The Energy Union must find ways to prevent state support for the production of fossil fuel energy by the European Union’s immediate neighbours. The EU cannot afford to have newly acceding members holding up progress towards the new 2030 climate goals or watering down future policy making.
Ioana Ciuta, Energy coordinator | 27 August 2015
In a series of blog posts, Bankwatch campaigners and guests are weighing in on the implications that the EU Energy Union, as laid out by Vice-President Šefčovič, could have for each of the countries.
To underline the European Union’s commitment to enlargement towards the Western Balkans region the European Commission and representatives from Germany, Austria, France and Italy meet today in Vienna with EU neighbours from the region to discuss – among other themes – infrastructure, connectivity and regional cooperation.
The European Commission is keen to “better connect the Western Balkans to our own energy systems,” according to a statement by Maroš Šefčovič, vice-president of the European Commission in charge of the Energy Union released ahead of the event. But could this really help bring out the energy transition these countries so desperately need?
A report published today by Climate Action Network (CAN) Europe, aims to shed some light on the implications of the Energy Union Framework for the Western Balkans and proposes improvements to the existing policy tools for effective cooperation between the EU and its immediate neighbours.
And there is need for improvement indeed.
For one thing, the Energy Union’s sheer inception is a bit unfortunate, having resulted from the gas crisis and the conflict in Ukraine and aiming to ensure security of supply. This gives gas a much more prominent place in the package than fossil fuels deserve, and allowed, for instance, for the indigenous fuel formulation to creep into the European Council’s conclusions on setting up the Energy Union. This idea of ensuring energy security through indigenous fuels has opened the door for some of the most polluting and dangerous technologies like coal to continue to be planned with the EU turning a blind eye. It reminds me of the phrase that suicide is a permanent solution to a temporary problem – pretty much like the carbon lock-in the Western Balkans are planning for themselves.
The energy system in this region is currently heavily reliant on coal. About 6 GW of coal power capacity more are planned to be built by 2030, and most of this capacity is to be built in Bosnia and Herzegovina and Serbia. Both countries aspire to become EU Member States in the next decade. At the same time, both countries act as if the EU climate and energy targets did not exist, planning to add over 2 GW of new coal capacity each. Some of these capacities are export-oriented, while existing plants are old and pollute heavily.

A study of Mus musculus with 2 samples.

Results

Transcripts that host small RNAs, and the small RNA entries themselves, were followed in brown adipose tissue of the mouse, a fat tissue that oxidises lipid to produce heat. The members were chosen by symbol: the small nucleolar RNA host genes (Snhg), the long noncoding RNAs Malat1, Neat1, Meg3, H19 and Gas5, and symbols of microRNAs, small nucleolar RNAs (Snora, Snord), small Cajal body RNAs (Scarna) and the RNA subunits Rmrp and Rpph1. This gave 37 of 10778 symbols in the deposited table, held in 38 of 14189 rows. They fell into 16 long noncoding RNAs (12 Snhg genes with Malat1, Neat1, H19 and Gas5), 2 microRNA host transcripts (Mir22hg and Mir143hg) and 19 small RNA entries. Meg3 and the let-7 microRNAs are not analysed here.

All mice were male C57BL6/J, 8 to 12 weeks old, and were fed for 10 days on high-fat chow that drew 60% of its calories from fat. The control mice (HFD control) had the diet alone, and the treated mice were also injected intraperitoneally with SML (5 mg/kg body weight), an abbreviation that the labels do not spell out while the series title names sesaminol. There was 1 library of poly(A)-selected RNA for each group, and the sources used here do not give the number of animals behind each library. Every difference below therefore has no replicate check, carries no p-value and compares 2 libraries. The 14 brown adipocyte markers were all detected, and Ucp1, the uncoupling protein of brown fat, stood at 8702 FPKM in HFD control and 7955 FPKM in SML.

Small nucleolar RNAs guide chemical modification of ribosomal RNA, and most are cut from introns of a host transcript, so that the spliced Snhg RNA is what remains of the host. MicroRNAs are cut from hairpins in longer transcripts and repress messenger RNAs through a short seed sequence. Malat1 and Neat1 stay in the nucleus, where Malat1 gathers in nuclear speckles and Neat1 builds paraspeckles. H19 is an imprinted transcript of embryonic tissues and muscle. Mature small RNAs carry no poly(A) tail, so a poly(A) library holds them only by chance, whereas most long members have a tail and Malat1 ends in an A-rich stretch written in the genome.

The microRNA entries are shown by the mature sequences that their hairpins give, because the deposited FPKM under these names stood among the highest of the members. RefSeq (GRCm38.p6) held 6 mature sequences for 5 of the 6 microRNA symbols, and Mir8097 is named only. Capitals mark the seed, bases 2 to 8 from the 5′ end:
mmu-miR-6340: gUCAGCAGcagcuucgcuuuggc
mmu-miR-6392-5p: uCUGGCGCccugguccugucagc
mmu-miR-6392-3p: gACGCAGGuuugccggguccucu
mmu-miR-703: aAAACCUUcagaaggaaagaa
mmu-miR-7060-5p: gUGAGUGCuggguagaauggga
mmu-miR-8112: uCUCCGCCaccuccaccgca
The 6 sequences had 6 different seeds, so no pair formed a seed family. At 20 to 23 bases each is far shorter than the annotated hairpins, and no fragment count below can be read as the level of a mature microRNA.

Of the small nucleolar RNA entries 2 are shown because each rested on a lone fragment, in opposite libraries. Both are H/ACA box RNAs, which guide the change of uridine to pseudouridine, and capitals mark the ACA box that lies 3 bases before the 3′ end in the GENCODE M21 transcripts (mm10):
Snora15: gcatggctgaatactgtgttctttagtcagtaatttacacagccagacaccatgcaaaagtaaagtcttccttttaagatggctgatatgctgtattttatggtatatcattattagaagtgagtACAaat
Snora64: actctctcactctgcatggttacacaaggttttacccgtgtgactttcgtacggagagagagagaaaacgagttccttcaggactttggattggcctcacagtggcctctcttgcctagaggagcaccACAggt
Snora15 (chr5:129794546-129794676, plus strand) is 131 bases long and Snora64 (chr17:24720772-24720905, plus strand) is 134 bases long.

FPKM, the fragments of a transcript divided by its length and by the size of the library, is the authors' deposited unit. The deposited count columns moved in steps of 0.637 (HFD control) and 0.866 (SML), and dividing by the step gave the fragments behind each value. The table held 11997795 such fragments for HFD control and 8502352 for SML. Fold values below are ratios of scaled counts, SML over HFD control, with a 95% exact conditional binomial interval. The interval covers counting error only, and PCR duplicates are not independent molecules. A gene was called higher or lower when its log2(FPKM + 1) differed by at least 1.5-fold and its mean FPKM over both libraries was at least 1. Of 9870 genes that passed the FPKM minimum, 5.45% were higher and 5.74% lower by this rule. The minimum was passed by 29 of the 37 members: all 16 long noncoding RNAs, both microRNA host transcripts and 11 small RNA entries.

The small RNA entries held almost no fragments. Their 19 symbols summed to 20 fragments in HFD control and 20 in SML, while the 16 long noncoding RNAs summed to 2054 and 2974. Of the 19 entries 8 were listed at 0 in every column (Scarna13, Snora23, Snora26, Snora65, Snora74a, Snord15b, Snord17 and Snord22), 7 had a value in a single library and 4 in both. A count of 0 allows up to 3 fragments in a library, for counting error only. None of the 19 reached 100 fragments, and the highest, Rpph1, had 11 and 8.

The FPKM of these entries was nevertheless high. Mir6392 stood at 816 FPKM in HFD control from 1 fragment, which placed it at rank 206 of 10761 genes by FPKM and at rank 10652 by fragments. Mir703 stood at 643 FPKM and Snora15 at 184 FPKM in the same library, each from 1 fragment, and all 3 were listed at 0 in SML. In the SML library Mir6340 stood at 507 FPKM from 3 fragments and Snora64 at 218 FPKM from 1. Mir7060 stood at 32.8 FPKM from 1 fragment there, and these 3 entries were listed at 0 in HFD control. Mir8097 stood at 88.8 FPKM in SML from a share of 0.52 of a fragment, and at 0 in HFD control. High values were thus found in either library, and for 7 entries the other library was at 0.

A CEE Bankwatch Network analysis released earlier this year showed that if energy export plans of the Western Balkan countries are pursued, they should be coordinated at a regional level; otherwise there is a great risk of stranded assets for the already cash strapped governments in the region, where most of the companies are state-owned.
The benefits of a joint energy market that the Energy Union aims at have been widely discussed, and the prospect of more efficient use of energy, lower energy prices and broader use of renewables should encourage the Western Balkan countries to get their act together and build a cleaner and more sustainable future for the region. But, for this to become reality, the countries should have the same environmental and social standards as the EU, the CAN report rightly points out.
Just to give an example, I am referring to provisions according to which industrial installations, such as coal power plants, must use the “best available techniques” to achieve a high level of environmental protection in order to prevent the danger of emissions leakage. Another example is the legislation on ambient air quality and cleaner air for Europe which defines objectives designed to avoid, prevent or reduce harmful effects on human health and the environment as a whole.
In the meantime, the European Investment Bank is pushing another fossil fuel at the summit, promoting the Transadriatic Pipeline (TAP) as a project currently under appraisal by the bank. While gas is certainly less climate damaging and doesn’t have the same negative health impacts as coal, I cannot understand why there is such a lack of ambition on energy efficiency in the Energy Community agenda.
Unfortunately, the current weak environmental legislation of the Energy Community[*] does not create a level playing field between the EU and its immediate neighbours. The Energy Union must find ways to prevent state support in the production of fossil fuel energy and to incorporate external costs into the price of the energy imported into the EU from the Energy Community countries. The EU cannot afford to have newly acceding members holding up progress towards the new 2030 climate goals or watering down future policy making.
* The Energy Community Treaty brings together Albania, Bosnia and Herzegovina, Kosovo, Macedonia, Moldova, Montenegro, Serbia and Ukraine – and soon also Georgia – with the goal of creating a common energy market between the EU and some of its neighbours.